Paul Moorcroft is a writer with four decades of experience in the subject matter covered in Dying for the Truth. He history has covered war reporting from the Crimean War through to today’s 24-hour TV broadcasts. The underpinning theme through this history is the conflict between the correspondents’ desire for freedom of speech (and a ‘scoop’) and the political and military demand for operational security.
The history lists in chronological sequence the world’s major conflicts, but also includes wars that involved a small number of belligerent nations; the Spanish Civil War, the Korean War, war in the Suez, Panama to name a few.
The First World War saw few correspondents given access to the Western Front and ‘they saw little and could report even less’. The military used writers as part of the enormously crude propaganda machine and this created a lifelong suspicion of the press. This came to haunt the British in the Second World War as the part revelation of propaganda in America during WWI made American reticent in joining the Allied cause, and a reluctance to believe in the Jewish Holocaust.
In WWII little censorship was required as journalists supported their government’s propaganda machine. While overseas listeners believed the BBC broadcasts were uncensored, the Nazis went to great lengths to stop people in occupied Europe listening to them. Ed Morrow and William Shirer, as CBS radio correspondents in London during the Blitz, provided personalized coverage of events that probably quickened American support for their involvement in the conflict. Films made on both sides of the Atlantic stirred viewers’ sympathy and also, through comedy, boosted morale.
Moorcraft summarized reporting to 1945: ‘In both World Wars correspondents had been transformed, or transformed themselves, from chained watchdog to docile lapdogs.’ He then asks: ‘After 1945 would they be able to deploy the new power of live television, and later live satellite transmissions, to break their chains?’
Many of the wars fought from 1945 until the fall of the Berlin Wall, were considered as part of the Cold War. Correspondents were mainly concerned with professional survival and few ‘made waves’ by reporting what they knew to be the unpleasant truth regarding their countries’ involvement. Quite a number of journalists have had a major impact when they resorted to publishing books on the various campaigns they had witnessed first hand.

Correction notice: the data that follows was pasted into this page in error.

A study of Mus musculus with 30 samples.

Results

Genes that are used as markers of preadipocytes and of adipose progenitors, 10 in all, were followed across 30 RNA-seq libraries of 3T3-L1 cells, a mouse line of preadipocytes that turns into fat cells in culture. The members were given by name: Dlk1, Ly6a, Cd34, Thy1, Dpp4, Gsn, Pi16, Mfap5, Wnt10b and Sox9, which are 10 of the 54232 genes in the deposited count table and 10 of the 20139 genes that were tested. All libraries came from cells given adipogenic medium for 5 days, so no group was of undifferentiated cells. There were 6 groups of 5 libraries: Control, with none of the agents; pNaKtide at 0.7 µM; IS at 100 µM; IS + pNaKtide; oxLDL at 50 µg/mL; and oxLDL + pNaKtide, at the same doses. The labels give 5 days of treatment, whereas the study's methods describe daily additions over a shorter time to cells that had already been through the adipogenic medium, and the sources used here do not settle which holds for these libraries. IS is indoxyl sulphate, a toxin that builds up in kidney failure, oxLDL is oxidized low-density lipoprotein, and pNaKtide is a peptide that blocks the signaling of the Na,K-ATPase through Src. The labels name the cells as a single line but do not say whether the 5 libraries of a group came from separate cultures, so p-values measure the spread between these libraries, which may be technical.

With recent conflicts, there have been journalists embedded on ‘both sides’, so while one report shows the armament being fired, the other shows the carnage at the other end – the latter making for wonderful propaganda. Lightweight cameras used by journalists and mobile phone cameras by members of the public now make wars more difficult to hide; and perhaps spells the demise of the war correspondent we have known in the past.
Moorcraft has been most thorough in his coverage of war reporting. His style makes for easy and interesting reading. A number of ‘hacks’ such as Hemingway are mentioned, with the entire text being generously punctuated by quality battlefield photographs, portraits, maps and cartoons. There are a dozen pages of endnotes, a most comprehensive bibliography and an easy-to-navigate index.
Moorcraft’s work provides much-needed coverage of the important impact of reporting of conflicts in the past and current days. A very worthwhile addition to any collection of military history.
Reviewed for RUSIV by Neville Taylor, April 2017
Contact Royal United Services Institute about this article.